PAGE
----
Richard N. Velotta
 

Las Vegas Resorts Replacing Canceling Customers

31 December 2003

LAS VEGAS -- Strip resorts that had seen a drop-off in occupancy rates attributed to terrorist threats already are now seeing rooms fill up as the countdown toward 2004 rolls on.

Resort representatives also are applauding law enforcement efforts to ensure the safety of New Year's Eve revelers by restricting the airspace over the Las Vegas Strip.

Gaming analysts for New York-based Deutsche Bank alerted investors that an unusual number of reservation cancellations had been reported in the past week when national media mentioned Las Vegas as a possible terrorist target.

But several Strip representatives said booking patterns aren't any different this year than last year.

Marc Falcone, a gaming analyst with Deutsche Bank, said today that the alert to investors went out after the number of hotels that reported being sold out fell from 14 out of 25 a week ago to four out of 25 this week. The 10 resorts with cancellations that gave them openings were Bally's, Bellagio, Circus Circus, the Las Vegas Hilton, Mandalay Bay, The Hotel at Mandalay Bay, the Mirage, Paris-Las Vegas, the Rio and the Stardust.

"It's difficult to say how much of this could be attributed to normal yield management situations and how much could be attributed to media focus on Las Vegas being a target city," said Falcone, who is vacationing in Las Vegas and will be here for the New Year's Eve celebration.

"We're not totally alarmed by the number of cancellations, but we were surprised," Falcone said.

Falcone said because there are smaller booking windows for reservations as a result of Internet booking systems and continued strong demand, he expects most properties to be sold out come New Year's Eve.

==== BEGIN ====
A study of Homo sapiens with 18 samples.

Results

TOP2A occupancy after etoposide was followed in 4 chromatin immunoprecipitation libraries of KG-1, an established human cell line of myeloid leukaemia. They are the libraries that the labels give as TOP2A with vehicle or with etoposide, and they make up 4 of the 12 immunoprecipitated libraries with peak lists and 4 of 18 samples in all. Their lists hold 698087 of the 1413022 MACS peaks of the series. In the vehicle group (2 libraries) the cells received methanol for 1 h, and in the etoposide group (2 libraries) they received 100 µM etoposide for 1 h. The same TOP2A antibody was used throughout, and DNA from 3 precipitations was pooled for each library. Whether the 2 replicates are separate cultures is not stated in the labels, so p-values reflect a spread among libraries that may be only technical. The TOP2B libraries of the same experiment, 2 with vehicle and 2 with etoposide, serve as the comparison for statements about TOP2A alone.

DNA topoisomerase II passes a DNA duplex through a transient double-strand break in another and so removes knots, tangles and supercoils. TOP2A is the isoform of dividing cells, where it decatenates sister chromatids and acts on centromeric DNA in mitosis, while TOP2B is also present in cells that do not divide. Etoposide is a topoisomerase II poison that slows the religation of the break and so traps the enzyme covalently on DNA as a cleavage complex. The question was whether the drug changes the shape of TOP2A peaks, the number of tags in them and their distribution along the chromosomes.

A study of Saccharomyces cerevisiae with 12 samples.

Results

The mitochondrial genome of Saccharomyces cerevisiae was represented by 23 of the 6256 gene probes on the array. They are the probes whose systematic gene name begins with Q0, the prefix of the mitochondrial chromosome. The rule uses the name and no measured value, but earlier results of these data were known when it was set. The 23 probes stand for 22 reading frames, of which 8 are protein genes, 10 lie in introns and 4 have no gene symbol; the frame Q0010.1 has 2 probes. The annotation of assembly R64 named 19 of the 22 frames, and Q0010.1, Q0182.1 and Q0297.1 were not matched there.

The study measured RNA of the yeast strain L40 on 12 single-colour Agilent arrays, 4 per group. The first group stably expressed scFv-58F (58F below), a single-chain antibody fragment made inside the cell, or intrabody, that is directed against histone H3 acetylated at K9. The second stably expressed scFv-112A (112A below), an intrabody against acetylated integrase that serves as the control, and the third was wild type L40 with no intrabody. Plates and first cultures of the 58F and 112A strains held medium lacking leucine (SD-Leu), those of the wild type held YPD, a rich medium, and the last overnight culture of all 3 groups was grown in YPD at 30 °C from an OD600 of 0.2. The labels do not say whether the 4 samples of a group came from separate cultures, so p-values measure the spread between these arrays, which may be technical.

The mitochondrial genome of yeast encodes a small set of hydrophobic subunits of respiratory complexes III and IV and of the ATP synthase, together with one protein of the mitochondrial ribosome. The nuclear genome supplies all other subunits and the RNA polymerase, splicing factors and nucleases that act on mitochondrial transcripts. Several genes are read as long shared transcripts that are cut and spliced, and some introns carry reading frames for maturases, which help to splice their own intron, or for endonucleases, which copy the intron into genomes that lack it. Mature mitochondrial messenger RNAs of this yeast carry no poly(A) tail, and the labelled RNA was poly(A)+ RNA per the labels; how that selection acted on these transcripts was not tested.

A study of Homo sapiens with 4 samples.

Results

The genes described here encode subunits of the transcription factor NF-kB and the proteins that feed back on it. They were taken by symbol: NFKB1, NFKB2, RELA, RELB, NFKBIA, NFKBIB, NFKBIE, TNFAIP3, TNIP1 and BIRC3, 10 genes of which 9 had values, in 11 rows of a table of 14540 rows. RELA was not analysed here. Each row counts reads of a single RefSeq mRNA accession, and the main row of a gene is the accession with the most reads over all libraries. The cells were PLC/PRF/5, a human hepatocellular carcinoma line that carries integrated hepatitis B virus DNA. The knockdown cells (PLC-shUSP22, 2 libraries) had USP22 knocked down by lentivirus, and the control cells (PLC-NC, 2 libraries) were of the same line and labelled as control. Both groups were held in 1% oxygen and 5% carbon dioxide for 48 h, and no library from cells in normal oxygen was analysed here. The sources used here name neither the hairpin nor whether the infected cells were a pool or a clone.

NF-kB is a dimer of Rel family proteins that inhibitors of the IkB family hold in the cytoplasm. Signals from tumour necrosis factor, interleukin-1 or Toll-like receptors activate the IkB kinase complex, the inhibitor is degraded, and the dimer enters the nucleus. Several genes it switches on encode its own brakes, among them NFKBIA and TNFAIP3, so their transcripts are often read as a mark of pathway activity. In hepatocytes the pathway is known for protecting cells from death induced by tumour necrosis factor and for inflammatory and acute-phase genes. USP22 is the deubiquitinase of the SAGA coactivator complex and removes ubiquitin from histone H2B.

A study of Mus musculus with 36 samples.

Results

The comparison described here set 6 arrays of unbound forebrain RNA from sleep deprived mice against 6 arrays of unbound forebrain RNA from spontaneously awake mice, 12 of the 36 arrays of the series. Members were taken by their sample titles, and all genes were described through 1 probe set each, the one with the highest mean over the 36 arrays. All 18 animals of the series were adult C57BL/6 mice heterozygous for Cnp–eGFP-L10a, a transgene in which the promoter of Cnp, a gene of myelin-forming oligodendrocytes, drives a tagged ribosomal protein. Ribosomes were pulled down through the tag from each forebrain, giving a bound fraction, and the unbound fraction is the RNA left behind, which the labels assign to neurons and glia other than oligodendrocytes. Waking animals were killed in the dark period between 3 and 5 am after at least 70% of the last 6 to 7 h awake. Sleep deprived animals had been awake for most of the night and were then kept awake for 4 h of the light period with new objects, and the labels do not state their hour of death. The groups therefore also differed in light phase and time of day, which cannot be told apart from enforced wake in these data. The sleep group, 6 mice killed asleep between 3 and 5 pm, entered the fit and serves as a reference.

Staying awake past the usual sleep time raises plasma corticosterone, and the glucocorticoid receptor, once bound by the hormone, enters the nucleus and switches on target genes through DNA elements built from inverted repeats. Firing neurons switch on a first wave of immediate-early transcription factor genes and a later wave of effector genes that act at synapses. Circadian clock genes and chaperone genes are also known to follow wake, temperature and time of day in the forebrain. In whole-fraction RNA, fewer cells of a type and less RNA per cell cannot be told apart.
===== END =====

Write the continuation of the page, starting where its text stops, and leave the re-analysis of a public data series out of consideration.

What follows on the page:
Falcone also said the announcement that federal authorities would restrict flying over the Strip during the hours that the New Year's celebration would be at its peak would be a good thing for tourism.

"We think it's a very encouraging data point for drive-in traffic," Falcone said. "We think it will be viewed as a greater sense of security to visitors of Las Vegas."

Most representatives of Strip resorts said today that the cancellations they had were routine and that empty rooms already have begun filling up. Others said they didn't see the cancellation pattern Deutsche Bank reported.

"We never had any significant cancellations," said Robert Stewart, a spokesman for Park Place Entertainment Corp.

Stewart said all of Park Place's resorts -- Caesars Palace, Paris-Las Vegas, Bally's, the Flamingo and the Las Vegas Hilton -- are at or very near capacity. He said the Flamingo and the Las Vegas Hilton properties have room rates that range from 4 percent to 7 percent higher than last year and the others are at the same average room rate as last year.

"What we're experiencing is very normal for this time of year and we're right in line with what we experienced last year," added Rob Stillwell, a spokesman for Boyd Gaming Corp., which operates the Stardust on the Strip as well as California, Fremont and Main Street Station downtown and Sam's Town on Boulder Highway.

He said systemwide, fewer than 1 percent of the room reservations were canceled.

"It's very likely that we'll be sold out, just as we were last year," Stillwell said.

He said he didn't expect tourists' plans would be affected in any way by the decision to turn the Strip into a temporary no-fly zone.

"We don't think it will change their plans," Stillwell said. "But added security will probably be a positive for those who had the question of security lingering in the back of their minds. Actually, most of the added security won't even be visible to tourists."

Yvette Monet, a spokeswoman for MGM MIRAGE, said the company's Las Vegas resorts -- the MGM Grand, New York-New York, Bellagio, Mirage, Treasure Island, Boardwalk and Golden Nugget -- are on track to be sold out for New Year's Eve.

She also applauded federal authorities' decision to close the Strip airspace.

"We agree with Deutsche Bank that this will be a positive for tourism for the city," Monet said. "We applaud the efforts of those who are working toward the security of our guests."